Slowly, but hopefully surely, the U.S. is providing more of its citizens with the security and advantages of health care. Following the passing of the Affordable Care Act, millions more Americans are being covered by insurance. While many question marks remain over the future of health care reform (many of which have been covered on this blog), the general direction is clear. More people than ever are covered and some of the early missteps have been corrected. But we need to focus on health and well-being, not just health care and move policy in that direction.
The Colorado story
The latest success story comes from the state of Colorado, where the proportion of residents without health insurance has dropped to a record low of 7%, down from 14% pre-ACA, in 2013 – and from a peak of 16% in 2011, according to the official Colorado Health Access Survey released today.
Almost half a million extra Coloradans were added to the Medicaid rolls between 2013 and 2015, Just 2.5% of Coloradan children (those under 19) are now without insurance, down from 7% percent:
As expected, most of the gains have come at the bottom of the income distribution: and the uninsured rate for those earning at or below 300 percent of the federal poverty level (FPL) fell to 8 percent from 21 percent.
Not all the news is good, of course. There has been a slight uptick in the number of Colorado residents complaining that they were unable to get a medical appointment when they wanted: a sign that supply is struggling a little to keep up with demand. Hispanics continue to hold last place for coverage, with 12% still not covered (though that figure is nonetheless sharply down from 22% in 2013). But in the round, the last few years for Colorado health care have been ones of great achievement.
Now what? Focus on the Social Determinants of Health
But nobody should rest on their laurels. There remain challenges of coverage. But it is also time to start looking to the next stage of health reform: beyond simple coverage towards the active promotion of health, wellbeing and opportunity.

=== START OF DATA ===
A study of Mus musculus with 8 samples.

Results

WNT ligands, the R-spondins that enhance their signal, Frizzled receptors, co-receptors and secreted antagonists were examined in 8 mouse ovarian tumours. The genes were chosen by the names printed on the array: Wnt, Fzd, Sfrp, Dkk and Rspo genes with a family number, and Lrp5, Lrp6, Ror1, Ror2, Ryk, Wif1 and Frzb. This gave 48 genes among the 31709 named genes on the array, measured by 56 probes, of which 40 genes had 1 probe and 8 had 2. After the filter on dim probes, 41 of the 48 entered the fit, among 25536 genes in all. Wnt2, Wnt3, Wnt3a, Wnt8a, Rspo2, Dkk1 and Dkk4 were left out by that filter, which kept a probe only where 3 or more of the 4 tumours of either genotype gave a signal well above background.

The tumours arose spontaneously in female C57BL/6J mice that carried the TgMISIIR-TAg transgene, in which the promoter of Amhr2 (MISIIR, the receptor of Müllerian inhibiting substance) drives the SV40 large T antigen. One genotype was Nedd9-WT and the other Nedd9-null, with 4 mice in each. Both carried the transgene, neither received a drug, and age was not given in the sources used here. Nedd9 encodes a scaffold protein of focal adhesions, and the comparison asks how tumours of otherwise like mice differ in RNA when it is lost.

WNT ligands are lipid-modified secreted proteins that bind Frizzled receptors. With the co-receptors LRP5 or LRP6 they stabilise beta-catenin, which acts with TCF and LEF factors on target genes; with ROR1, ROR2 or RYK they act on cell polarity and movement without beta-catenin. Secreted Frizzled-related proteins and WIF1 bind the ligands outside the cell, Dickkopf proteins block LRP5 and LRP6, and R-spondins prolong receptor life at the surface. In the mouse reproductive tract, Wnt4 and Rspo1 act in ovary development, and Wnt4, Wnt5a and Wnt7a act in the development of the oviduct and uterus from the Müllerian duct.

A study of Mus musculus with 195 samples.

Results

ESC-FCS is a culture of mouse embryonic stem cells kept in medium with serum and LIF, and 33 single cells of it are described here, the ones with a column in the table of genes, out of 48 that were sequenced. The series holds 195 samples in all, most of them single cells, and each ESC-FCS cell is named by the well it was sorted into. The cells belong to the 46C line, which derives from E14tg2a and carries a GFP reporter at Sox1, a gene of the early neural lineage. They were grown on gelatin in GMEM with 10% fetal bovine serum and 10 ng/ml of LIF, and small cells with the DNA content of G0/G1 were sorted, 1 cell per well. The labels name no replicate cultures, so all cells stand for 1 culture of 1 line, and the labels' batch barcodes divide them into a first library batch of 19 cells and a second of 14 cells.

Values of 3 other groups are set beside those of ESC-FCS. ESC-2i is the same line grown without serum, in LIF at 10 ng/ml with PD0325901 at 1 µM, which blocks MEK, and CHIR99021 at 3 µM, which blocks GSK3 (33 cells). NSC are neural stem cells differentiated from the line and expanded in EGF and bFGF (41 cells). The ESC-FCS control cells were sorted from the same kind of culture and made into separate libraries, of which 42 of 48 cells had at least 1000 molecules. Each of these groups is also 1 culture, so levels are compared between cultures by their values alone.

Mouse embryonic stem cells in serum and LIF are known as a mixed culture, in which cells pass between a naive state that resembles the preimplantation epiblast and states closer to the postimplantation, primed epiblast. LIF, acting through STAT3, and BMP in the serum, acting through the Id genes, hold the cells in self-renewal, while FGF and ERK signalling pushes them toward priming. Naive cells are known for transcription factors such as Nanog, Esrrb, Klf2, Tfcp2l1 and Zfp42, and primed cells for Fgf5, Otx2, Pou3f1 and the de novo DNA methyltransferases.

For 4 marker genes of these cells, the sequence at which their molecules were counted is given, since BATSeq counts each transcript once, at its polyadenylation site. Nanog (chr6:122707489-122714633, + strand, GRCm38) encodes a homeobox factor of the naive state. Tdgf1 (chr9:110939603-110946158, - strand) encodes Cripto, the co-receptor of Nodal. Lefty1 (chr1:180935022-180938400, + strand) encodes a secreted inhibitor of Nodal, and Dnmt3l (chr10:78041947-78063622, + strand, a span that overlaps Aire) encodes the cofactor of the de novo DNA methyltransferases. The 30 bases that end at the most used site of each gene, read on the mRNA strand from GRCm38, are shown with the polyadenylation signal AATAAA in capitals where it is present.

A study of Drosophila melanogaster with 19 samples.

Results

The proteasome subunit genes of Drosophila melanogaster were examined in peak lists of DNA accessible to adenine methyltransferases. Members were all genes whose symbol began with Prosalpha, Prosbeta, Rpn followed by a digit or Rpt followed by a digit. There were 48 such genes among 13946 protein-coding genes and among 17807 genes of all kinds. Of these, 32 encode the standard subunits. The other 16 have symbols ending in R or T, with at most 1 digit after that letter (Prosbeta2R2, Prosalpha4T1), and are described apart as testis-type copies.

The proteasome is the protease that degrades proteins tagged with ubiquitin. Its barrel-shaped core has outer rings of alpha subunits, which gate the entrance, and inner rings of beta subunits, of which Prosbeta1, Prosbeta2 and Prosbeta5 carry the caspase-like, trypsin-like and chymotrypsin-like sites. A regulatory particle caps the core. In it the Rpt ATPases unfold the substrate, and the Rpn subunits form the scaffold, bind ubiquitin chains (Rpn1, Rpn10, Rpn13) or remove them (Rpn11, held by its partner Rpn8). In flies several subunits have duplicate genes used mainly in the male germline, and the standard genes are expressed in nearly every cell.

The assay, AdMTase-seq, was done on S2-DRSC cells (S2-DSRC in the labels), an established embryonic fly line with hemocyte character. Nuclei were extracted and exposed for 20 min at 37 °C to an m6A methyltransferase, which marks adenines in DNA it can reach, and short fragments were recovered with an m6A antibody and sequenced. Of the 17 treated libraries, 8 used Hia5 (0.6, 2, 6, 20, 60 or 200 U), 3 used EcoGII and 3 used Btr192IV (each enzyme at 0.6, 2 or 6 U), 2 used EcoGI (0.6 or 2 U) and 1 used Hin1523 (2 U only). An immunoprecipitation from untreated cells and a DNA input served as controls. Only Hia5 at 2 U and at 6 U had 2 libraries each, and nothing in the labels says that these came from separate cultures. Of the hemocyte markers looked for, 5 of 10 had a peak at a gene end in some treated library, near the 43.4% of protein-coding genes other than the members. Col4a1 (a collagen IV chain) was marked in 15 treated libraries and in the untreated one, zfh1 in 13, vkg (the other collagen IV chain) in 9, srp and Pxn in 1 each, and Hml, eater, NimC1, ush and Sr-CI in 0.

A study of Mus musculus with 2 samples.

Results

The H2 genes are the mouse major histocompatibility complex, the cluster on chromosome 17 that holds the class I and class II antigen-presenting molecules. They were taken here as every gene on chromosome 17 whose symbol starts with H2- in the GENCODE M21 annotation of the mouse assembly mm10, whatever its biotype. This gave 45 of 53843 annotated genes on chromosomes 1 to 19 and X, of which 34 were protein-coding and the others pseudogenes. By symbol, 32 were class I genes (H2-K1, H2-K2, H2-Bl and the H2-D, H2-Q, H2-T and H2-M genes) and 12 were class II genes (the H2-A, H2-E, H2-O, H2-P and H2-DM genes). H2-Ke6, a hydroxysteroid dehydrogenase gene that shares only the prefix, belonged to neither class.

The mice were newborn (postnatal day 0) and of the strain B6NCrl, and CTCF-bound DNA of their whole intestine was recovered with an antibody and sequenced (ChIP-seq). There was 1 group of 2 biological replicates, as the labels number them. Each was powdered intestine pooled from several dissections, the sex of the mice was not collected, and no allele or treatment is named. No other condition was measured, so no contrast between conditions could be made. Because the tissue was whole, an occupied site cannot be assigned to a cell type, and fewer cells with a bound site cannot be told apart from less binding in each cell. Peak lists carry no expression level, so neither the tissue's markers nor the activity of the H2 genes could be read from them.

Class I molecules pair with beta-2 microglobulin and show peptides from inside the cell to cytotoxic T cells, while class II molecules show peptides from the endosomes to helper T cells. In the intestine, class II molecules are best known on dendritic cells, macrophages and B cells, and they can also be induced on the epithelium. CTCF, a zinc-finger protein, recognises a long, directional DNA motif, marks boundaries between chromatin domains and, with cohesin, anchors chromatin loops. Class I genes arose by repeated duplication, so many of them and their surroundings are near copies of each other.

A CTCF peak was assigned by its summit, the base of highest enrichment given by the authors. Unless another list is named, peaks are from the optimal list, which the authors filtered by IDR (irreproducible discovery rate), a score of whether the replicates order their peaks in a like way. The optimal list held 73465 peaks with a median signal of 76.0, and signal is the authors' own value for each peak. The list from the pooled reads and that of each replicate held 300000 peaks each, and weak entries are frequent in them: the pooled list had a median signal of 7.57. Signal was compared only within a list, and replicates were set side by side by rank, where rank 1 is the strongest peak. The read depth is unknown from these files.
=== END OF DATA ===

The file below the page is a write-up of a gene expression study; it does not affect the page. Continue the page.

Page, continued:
Two decades ago, a set of bipartisan, radical welfare reforms shifted the focus of provision for working age adults and their families towards promoting work and independence. ‘A hand up, not a hand out’ was the slogan. While arguments continue to rage over the effects of the reform, few can doubt that they changed both the substance and symbolism of American welfare provision. The motivation was to shift from safety net to springboard; and as one piece of evidence for success, employment rates of single parents jumped dramatically in the wake of reform (assisted by a strong economy and a more generous Earned Income Tax Credit). The assumption had been that welfare recipients couldn’t or wouldn’t work. That assumption was wrong.
The next wave of health reform could follow a similar pattern. With a system in place that ensures basic coverage, the next goal should be to shift to a model of partnership rather than paternalism. Spending should shift towards prevention rather than expensive treatments. Individuals ought to be incentivized to invest in their own health and wellbeing. Funding can begin to be configured around goals of broad wellbeing, rather than simply the narrow provision of care: better family planning and improving maternal education, for example, can have a powerful impact on child health outcomes. Home visiting programs can reduce the need for medical care while providing infants a better start in life. Early childhood education instills better nutrition and good health habits at a young age. Current evidence suggests that some reallocation of resources in this direction will both improve health and save money at the same time.
None of this will be quick or easy. Nor should planning for the next stage dampen celebrations of the progress made in recent years. But in the long run, the reforming vision must be not be limited to a universal health care system but the building of a universal health system. To improve opportunity individuals need not just health care but new and more effective programs and a willingness to do their part in taking advantage of whatever is on offer.
The Initiative is a partnership between the Economic Studies program at Brookings and the USC Schaeffer Center for Health Policy & Economics, and aims to inform the national health care debate with rigorous, evidence-based analysis leading to practical recommendations using the collaborative strengths of USC and Brookings.